Adams X34; Edit 16 54118; USTC 863992. Ebert 24136; Graesse VI/2, p. 493; and Hoffmann III, p. 808 (describing the 1521 and 1527 editions). See also David Marsh, "Xenophon," in Catalogus Translationum et Commentariorum: Mediaeval and Renaissance Latin Translations and Commentaries VII (1992), edited by Virginia Brown, Paul Oskar Kristeller, and F. Edward Cranz, pp. 75-196).

    More Information:

    The Cyropaedia, or "Education of Cyrus", is a "narrative by Xenophon [ca. 428-ca.354 BC], in eight books, of the career of Cyrus the Great, king of Persia [559-529 BC], in which characters and historical facts are modified to suit the author's didactic purpose. Writing roughly at the same time as Plato, who in the Republic argues for his conception of the education of an ideal ruler, Xenophon sets out his own in the Cyropaedia, a work which strongly resembles a historical novel with a moral purpose. Cyrus himself is an idealized character, the perfect statesman, ruler, and general, drawn partly from the character of the younger Cyrus [424-405 BC] who was known to Xenophon and appears in his Anabasis" (The Oxford Companion to Classical Literature).

    "Of greatest appeal to Renaissance readers was the idealized biography of Cyrus the Great...Poggius Florentinus (Poggio Bracciolini) [1380-1459] was the first humanist to undertake a complete translation (ca. 1446), but he claimed to follow Cicero's example in making a paraphrase rather than a strictly literal translation: his Latin version reduces Xenophon's eight books to six. Poggius' translation enjoyed fairly wide circulation-some thirty manuscripts survive-but it was never printed, and a more faithful version by Philelphus (1467) became standard in printed editions until 1561. Nevertheless, Poggius' text provided the basis for Italian translations by his son Jacopo Bracciolini (ca. 1476) and Matteo Maria Boiardo (ca. 1470) and for a French translation by Vosque de Lucène (1470)" (David Marsh, "Xenophon," p. 81).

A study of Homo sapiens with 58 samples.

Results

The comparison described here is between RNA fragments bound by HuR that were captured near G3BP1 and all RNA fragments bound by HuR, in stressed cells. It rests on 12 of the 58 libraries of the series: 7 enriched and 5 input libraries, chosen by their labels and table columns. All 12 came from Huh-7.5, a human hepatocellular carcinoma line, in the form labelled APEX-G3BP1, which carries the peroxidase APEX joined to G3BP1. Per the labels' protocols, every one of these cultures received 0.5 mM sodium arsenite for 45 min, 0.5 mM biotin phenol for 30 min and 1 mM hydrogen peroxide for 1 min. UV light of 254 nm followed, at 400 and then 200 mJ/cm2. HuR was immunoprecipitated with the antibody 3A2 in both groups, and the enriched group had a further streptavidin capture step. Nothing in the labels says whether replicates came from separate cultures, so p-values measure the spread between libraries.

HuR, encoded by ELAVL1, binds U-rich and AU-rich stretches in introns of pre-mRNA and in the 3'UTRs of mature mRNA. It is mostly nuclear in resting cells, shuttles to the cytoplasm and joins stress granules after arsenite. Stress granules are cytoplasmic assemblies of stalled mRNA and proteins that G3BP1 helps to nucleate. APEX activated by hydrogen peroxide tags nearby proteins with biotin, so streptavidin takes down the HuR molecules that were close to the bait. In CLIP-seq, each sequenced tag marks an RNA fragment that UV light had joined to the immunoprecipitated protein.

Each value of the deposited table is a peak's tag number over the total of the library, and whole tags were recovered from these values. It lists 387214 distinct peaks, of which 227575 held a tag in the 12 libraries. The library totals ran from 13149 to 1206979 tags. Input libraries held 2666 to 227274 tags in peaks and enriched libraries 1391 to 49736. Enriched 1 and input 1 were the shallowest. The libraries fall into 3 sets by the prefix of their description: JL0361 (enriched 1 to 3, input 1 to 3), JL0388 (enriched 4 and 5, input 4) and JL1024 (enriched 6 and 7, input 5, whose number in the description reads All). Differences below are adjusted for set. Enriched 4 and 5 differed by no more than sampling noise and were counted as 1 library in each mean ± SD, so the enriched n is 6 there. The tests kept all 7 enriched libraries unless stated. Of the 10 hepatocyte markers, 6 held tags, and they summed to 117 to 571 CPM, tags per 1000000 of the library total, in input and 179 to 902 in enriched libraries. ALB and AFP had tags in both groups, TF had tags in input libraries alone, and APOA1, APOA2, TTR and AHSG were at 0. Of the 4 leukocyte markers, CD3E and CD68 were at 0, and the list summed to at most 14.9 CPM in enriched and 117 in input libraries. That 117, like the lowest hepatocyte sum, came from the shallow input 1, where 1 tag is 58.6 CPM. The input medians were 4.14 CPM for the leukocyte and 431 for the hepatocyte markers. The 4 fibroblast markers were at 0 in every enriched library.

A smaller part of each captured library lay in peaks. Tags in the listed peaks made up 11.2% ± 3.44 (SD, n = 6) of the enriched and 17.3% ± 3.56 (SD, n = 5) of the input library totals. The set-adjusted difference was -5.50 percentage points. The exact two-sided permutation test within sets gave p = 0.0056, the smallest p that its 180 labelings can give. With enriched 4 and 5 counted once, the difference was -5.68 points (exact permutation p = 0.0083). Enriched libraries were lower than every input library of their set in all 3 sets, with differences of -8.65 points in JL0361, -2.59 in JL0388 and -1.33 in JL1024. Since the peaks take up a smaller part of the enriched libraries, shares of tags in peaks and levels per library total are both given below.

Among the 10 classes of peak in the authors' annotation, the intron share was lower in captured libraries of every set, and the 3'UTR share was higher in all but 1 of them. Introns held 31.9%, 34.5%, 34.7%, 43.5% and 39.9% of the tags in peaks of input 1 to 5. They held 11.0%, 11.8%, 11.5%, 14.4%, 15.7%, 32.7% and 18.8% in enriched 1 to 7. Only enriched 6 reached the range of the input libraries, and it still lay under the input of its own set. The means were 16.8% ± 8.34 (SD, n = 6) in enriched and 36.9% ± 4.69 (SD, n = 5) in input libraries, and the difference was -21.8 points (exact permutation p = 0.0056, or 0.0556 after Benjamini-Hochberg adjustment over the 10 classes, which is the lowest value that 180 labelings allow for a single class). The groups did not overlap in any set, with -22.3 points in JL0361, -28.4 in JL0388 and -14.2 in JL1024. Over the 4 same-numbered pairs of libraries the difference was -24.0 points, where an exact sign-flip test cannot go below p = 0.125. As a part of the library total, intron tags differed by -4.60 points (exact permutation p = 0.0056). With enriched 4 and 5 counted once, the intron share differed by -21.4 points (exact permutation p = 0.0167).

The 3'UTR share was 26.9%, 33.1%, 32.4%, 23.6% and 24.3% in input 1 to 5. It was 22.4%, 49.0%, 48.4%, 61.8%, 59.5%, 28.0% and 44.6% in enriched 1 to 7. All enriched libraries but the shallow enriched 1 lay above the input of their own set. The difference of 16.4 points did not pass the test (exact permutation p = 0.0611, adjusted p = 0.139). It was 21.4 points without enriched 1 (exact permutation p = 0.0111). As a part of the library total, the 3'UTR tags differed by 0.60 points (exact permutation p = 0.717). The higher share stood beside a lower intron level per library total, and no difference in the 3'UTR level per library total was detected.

"In classical antiquity, the Cyropaedia was considered the masterpiece of a very widely respected and studied author. Polybius, Cicero, Tacitus, Dionysius of Halicarnassus, Quintilian, Aulus Gellius and Longinus 'ranked him among the best philosophers and historians'. Classical authors believed that Xenophon composed it in response to the Republic of Plato, or vice versa...The Cyropaedia was rediscovered in Western Europe during the late medieval period as a practical treatise on political virtue and social organization. It became an important influence upon the late medieval and Renaissance genre known as 'mirrors of princes', which attempted to give examples of behavior in order to educate young future rulers...The work continued to be widely read and respected in the early modern period and during the Enlightenment. Machiavelli's The Prince [first published in 1532], which represented a turning point towards modern political thinking, uses the mirror genre as a model, is particularly heavily influenced by the Cyropaedia, and represented a more sophisticated reading of Xenophon, apparently more critical of the idealistic approach on the surface of Xenophon's depiction, while also reading Xenophon to be giving other more important messages about Cyrus's use of deceit, and the danger of such men to republics. Christopher Nadon [in his Xenophon's Prince: Republic and Empire in the Cyropaedia (2001)] describes Machiavelli as 'Xenophon's best-known and most devoted reader'...Among early modern writers after Machiavelli, Montaigne, Montesquieu, Rousseau, Bacon, Jonathan Swift, Bolingbroke, Shaftesbury, Edward Gibbon, and Benjamin Franklin 'all concurred with the classical view' of Xenophon's merits as a philosopher and historian. John Milton called his works divine, and the equal of Plato. Edmund Spenser in his preface to The Faerie Queene said that 'Xenophon [is] preferred before Plato'" (Wikipedia).